After a Year, Johnston Resigns as Cedar AD

 BY JEFF FALK

 Terri Johnston wasn’t unhappy in her new position as the Lebanon school district’s athletic director. She just figured she could be more happy doing something else.

 It’s safe to say that being the Cedars AD wasn’t exactly what Johnston thought it might be. None of us know what a new job is going to entail until we wear the hat.

 On Monday, Johnston finalized her decision to resign her position as LHS’ athletic director. On Wednesday, she informed the Cedar coaching staff of her decision.

 Johnston, a long-time coach and teacher at Lebanon High School, had held the position for exactly one year. She had replaced Bill Giovino, who is now a principal in the district.

 “The position was different than I thought it would be,” said Johnston. “Having coached 22 years, I had a sense of what goes on (in being an AD). I go to games anyways. To me it wasn’t a big deal to be there as an athletic director. But I have to be there.

 “Everybody’s sport is the most important one to them,” Johnston continued. “Because of the learning curve, I rarely left my office before 5 (p.m.), and then I’m trying to get to a game. I was slower than someone who has been doing it for a while. It’s an endless job. There’s no down time.”

 A vacancy in Johnston’s old academic department, health and physical education, provided her an opportunity to step aside. Johnston said she would like to get back into coaching, sometime in the future, when a position in her fields of athletic expertise open up.

 “They had an opening in our department,” said Johnston, a graduate of Lebanon High. “I had to do some powerful soul searching. I’m hoping to get back into coaching. But I didn’t hire myself yet. Currently, there are no openings in the sports I have coached. But I just like being around.”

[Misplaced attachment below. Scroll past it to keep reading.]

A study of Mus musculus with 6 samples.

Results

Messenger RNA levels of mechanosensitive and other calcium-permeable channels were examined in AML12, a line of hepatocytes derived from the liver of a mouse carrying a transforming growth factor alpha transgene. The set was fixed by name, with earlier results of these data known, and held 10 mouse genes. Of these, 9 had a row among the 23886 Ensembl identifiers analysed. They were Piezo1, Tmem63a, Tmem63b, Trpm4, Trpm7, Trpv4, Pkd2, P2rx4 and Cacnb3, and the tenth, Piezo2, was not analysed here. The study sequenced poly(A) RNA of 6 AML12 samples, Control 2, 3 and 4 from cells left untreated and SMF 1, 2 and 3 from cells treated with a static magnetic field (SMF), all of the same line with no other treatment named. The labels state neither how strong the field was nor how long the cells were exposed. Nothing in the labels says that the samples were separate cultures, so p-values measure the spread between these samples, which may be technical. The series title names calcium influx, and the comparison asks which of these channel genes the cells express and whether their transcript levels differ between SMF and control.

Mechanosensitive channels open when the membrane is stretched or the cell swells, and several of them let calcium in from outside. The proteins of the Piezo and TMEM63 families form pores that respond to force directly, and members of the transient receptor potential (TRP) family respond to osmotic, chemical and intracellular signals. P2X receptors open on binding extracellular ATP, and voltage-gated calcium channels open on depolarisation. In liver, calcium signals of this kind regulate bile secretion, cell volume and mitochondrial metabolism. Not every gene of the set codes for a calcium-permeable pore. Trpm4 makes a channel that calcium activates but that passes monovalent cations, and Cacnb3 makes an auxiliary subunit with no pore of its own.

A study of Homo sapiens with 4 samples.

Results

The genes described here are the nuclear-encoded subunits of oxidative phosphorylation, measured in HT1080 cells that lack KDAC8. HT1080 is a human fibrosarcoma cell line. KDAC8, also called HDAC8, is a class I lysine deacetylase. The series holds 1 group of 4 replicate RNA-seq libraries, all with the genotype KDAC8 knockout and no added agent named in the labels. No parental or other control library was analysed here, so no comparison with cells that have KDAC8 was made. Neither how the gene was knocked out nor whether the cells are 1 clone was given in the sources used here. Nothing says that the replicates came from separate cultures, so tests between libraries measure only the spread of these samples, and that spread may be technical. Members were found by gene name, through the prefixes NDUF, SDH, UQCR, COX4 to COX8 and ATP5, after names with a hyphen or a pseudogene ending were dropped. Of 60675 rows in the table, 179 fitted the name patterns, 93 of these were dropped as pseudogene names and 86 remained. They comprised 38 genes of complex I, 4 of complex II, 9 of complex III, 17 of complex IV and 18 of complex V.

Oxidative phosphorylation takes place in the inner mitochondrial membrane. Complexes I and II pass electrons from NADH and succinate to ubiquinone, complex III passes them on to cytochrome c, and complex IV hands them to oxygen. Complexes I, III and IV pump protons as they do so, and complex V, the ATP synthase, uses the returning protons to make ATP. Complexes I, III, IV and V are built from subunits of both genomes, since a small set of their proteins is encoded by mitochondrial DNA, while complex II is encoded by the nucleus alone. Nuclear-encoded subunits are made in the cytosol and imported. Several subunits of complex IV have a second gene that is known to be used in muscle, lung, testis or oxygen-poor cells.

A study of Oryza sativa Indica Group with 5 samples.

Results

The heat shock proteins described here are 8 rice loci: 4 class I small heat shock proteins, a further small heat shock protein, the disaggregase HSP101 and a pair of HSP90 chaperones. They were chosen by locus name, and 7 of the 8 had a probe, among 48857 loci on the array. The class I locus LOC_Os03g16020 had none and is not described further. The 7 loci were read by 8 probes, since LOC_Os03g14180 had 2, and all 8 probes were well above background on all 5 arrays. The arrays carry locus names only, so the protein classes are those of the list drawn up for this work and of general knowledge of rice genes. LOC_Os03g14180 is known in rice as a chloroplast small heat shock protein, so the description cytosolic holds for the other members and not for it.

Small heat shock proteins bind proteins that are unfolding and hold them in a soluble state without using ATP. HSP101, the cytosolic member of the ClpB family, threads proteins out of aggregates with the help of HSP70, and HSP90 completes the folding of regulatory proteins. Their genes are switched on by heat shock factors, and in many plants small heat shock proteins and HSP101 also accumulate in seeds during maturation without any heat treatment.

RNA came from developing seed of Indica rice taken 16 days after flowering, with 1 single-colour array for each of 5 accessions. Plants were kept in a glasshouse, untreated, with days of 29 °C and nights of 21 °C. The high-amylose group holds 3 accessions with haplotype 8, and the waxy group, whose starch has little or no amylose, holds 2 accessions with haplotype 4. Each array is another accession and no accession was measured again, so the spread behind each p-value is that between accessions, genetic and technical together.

“I’m very much at peace with it,” Johnston continued. “You make your own way in life.”

 For the better part of two decades, Johnston has coached field hockey, girls’ basketball and softball – on varying levels – for the Cedars. During her time, no one has had a greater influence on female athletics at Lebanon than Johnston.

 “I felt like I had a pretty good idea of what the job entailed,” said Johnston. “But until you wear the shoes you really don’t know. Ultimately my goal wasn’t to be an administrator. I felt as an AD, I would be able to interact with the kids more.

 “I miss being in the class room,” Johnston added. “I miss the kids. There were other circumstances, but ultimaely I’m in it for the kids.”

 Johnston and her husband reside in the Lebanon area, and they are parents to two teenaged girls.

 “That’s where the rubber meets the road,” said Johnston of the strain long hours places on her family. “We talked about it as a family when I took the job. I’m out of the house anyway. To me, the big difference was that it was now part of my job.

 “There wasn’t a lot of time for cleaning the house,” added Johnston. “All of that stuff you’ve got to consider. I definitely had a sense of it (the job), but now I’ve had it for a year. I had to ask myself, ‘Is this what I want to do?’ I feel like I’m an effective teacher.”

 Johnston, along with Annville-Cleona’s Karen Evans, are believed to be the only two females to have held the position of athletic director in Lebanon County.

 “I don’t have any reason that they’re (LHS sports) not (overall healthy),” said Johnston. “They’ve (the administration) never come to me and said they don’t like things the way they are. My emphasis is not on wins.

 “I feel kids get more out of athletics just because they’re part of something bigger than themselves,” added Johnstson. “That’s important, especially given our demographics. Our coaches put our kids first, and hopefully we win some games along the way. Our administration has never made decisions based on wins and losses.”

 With participation in a few sports near all-time lows, Lebanon High has struggled on the athletic fields recently.

 “Certainly we’d like to have more kids involved,” said Johnston. “Every school would. Our kids are hit a little bit harder by economics. We try to make it possible for our kids to play. We’re doing everything to get the kids involved. But some of them just say, ‘I’ve got to work.’

 “I’m happy with the kids who are participating, but we’d like to have more,” Johnston concluded. “We have a lot of kids whose familes are expecting them to contribute financially.”